Volunteer labor and contributions are all measures of social responsibility and community improvement efforts, although local data is limited. The Urban Institute, National Center for Charitable Statistics reports on IRS charitable giving by states. Nevada has at times surpassed the national average itemized charitable contributions (AICC) and increased charitable giving as a percentage of income. Washoe County average itemized contributions were $3,324 in comparison to $2,785 for Nevada in 1997; Washoe County increased to $3,999 in 2006 averaging more than the state.
In TMT’s December 2007 community survey of Washoe County residents, 12.8% responded that they did not donate to nonprofit organizations, however, 50.2% donated to 1-4 nonprofits, 20.4% donated to 5-10, and 8.8% donated to 11 or more nonprofits, and 28.6% donated to local nonprofits.
- AAGI = average adjusted gross income
- AICC = average itemized charitablecontribution
- GI = Generosity Index; GI starting 2005 may not be comparable to earlier years
- NCCS began changing data formats & archived data after 2013; new open platform not yet released (as of 7/19); 2014 & forward reporting via the Frasier Institute & the St. Louis Fed for AAGI; data may not be comparable to prior years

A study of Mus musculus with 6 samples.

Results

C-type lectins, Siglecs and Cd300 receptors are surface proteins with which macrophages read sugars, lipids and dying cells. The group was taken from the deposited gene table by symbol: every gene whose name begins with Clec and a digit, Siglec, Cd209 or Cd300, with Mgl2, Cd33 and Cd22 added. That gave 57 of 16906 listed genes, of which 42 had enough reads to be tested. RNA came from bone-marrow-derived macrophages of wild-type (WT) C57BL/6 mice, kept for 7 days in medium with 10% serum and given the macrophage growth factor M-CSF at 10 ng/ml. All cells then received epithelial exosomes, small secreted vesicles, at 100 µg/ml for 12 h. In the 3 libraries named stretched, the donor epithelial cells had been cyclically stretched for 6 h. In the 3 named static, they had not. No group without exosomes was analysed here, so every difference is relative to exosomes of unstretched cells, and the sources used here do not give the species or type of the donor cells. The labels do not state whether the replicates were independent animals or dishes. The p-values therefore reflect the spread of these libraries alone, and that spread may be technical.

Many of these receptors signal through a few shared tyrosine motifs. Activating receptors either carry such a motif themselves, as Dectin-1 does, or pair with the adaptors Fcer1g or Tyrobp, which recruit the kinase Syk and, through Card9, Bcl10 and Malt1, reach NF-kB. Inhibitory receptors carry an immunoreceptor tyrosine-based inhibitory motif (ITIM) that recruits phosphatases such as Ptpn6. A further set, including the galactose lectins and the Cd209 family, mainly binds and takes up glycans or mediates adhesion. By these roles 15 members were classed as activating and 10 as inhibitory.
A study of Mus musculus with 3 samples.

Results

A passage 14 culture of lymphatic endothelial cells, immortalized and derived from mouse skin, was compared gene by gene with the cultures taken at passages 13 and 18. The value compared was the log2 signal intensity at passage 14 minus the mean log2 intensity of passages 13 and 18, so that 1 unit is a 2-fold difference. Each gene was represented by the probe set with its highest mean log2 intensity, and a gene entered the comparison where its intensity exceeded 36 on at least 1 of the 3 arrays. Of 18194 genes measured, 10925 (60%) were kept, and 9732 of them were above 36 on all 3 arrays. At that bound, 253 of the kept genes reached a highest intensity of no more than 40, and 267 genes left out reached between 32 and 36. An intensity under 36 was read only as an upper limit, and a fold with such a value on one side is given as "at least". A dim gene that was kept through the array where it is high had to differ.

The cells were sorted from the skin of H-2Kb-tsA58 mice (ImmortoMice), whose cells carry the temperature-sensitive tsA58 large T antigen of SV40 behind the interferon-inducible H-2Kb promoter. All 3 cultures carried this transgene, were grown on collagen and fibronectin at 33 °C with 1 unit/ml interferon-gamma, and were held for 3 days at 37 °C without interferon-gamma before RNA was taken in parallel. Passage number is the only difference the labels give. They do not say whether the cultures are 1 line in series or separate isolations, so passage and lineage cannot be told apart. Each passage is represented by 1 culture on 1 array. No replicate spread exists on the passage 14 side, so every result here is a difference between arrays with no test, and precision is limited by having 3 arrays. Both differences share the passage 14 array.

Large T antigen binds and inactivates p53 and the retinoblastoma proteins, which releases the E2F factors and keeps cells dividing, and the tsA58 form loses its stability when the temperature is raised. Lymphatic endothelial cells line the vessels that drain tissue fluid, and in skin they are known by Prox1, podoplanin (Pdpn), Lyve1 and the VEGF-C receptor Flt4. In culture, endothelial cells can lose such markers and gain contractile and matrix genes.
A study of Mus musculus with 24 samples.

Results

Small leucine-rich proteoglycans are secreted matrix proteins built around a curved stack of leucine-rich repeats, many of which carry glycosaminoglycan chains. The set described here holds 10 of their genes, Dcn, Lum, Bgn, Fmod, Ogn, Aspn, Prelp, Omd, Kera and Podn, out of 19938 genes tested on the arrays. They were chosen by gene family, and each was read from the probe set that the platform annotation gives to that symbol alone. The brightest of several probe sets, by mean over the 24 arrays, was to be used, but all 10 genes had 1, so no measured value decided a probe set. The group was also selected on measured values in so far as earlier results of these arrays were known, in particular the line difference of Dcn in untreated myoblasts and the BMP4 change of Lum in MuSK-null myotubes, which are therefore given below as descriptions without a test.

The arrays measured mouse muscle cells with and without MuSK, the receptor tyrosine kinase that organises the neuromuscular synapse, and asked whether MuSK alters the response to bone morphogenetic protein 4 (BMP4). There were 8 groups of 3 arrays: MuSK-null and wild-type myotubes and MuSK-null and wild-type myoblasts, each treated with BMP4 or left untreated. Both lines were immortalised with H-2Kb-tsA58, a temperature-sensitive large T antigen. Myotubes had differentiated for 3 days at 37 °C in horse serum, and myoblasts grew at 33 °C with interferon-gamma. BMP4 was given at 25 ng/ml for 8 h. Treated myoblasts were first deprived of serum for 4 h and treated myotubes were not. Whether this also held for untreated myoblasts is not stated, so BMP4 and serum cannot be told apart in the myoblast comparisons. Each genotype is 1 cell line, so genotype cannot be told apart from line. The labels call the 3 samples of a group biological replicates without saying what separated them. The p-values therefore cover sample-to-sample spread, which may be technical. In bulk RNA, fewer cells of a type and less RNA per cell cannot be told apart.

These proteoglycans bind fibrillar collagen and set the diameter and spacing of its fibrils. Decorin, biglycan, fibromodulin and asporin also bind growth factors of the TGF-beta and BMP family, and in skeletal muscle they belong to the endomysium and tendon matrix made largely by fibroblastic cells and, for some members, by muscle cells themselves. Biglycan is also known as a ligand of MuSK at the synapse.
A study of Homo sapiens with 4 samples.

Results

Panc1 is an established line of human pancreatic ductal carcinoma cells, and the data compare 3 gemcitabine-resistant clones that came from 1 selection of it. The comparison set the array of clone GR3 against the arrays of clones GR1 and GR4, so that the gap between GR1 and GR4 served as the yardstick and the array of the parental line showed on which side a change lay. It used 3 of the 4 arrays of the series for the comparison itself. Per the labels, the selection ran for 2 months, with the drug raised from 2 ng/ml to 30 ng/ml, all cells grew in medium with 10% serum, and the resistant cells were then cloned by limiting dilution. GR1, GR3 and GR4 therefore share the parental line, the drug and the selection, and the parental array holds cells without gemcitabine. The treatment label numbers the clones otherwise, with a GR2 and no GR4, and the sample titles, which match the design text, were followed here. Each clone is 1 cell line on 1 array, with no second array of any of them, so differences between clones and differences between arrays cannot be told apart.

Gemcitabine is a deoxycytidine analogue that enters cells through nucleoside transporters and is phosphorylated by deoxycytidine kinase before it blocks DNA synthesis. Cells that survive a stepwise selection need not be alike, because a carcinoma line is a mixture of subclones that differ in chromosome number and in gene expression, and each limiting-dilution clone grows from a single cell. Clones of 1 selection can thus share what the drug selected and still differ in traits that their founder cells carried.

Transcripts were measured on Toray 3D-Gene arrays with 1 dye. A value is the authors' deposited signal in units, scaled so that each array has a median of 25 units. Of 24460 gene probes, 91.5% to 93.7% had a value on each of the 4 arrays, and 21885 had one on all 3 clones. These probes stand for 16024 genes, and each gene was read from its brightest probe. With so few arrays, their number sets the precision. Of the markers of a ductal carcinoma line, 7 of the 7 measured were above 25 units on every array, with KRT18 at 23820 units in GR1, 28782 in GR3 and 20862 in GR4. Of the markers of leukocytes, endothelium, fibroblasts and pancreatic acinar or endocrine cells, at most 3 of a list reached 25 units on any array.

- The Catalogue for Philanthropy calculated the Generosity Index (GI) using IRS data on annual average gross income (AAGI) and average itemized charitable contribution (AICC) through 2004. The Catalogue now calculates an Opportunity Index (OI) looking at high-income states and giving according to state ranks. The new index looks at philanthropy from the perspective of whether those in the highest income groups (over $500,000) utilize their opportunity to give more. Nevada’s average itemized charitable contribution on the OI in 2005 ($39,893) ranked 6th in the nation, but the average adjusted gross income ($873,153) ranked the 2nd highest, which implies that Nevadan’s with high incomes can give more (Nevada’s percentage of itemization of charitable contributions is only 79% for 2005).
- The Giving USA reports published by the Giving USA Foundation have reported that individual giving is mostly to religious organizations. The Foundation Center’s “Highlights of Foundation Giving Trends,” February 2009 reported the following giving: independent foundations primarily to health, environmental, international affairs, science, and social science organizations; corporate foundations to public affairs/society benefit; and community foundations to education, human services, arts and culture, and religion.